Award winning ‘A Leg Up’: Why it’s a must-watch short film
A Leg Up written and directed by Joe Jennings Jr. is an award winning short film which has won Best Acting for both of its actors at the Toronto Short Film Festival, and Best Script at the same festival. A Leg Up is extremely timely in its subject matter.
The film is about an aging dope dealer who has a realistic sit-down with his son; sharing the harsh realities of growing up black in America. The film is a social, political and cultural film about racial, moral, and family issues in a capitalistic society.
Joe Jennings Jr. is a screenwriter and filmmaker from Atlanta, GA. He has written and produced several independent efforts, including the indie feature film, Trapped, which was featured in the 2011 San Francisco Black Film Festival. He is a graduate of Morehouse College and his films have premiered and been given awards in various festivals.
Jennings Jr. describes the film this way, “Halfway through watching this film, you will forget that you’re watching a “hood flick.” Instead, you will realize the inculcation of values by an African-American father to his son, who’s about to enter the free world on his own for the first time.”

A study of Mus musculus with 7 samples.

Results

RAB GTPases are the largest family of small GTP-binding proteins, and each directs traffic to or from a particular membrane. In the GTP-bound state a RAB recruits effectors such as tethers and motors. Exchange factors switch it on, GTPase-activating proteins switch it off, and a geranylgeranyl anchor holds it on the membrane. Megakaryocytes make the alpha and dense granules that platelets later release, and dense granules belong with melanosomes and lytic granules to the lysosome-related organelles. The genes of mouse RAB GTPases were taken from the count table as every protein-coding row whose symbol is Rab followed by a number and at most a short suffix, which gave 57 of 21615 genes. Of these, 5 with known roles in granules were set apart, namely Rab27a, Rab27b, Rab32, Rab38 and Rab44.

He continues to say the dialogue in A Leg Up, “is a highlight not only on social issues and injustices that black men face, but on how every black man across the board: thugs, educators, blue-collar workers, etc. has to address their children (at some point). No matter the background, for every person of color, the conversation is the same.”
Further explaining the film and his choices Jennings Jr. says, “I wrote Stan’s (Rodney Vincent Washington) diatribe to be purposely harsh and brutal on the kid (Christopher Smith) because there are members of its audience that have never heard that same bout of discussion; one that dispels “All-American Myths” supposedly sold to Black Men, specifically. I wrote it for those that don’t believe that this film applies to them because they’re a part of a certain social class or status. This includes ALL Black Men.”
When Joe Jennings Jr. talked about the ending of the film he said, “As for the kid at the end, taking a bag of money and living happily ever after – this is the other half of the discussion that most parents don’t have. While that’s a ‘dopeboy fantasy’ to save 200k and hand it off in a duffel bag – long-term investing and saving is REAL. And I hope that translates to those looking to [build] wealth and becoming successful in the ‘Greatest Country In The World.’”
His mission statement for this film is as follows, “Times are turbulent. And there are many conversations sparking amongst many racial and social groups. I hope that my film provokes one as well.”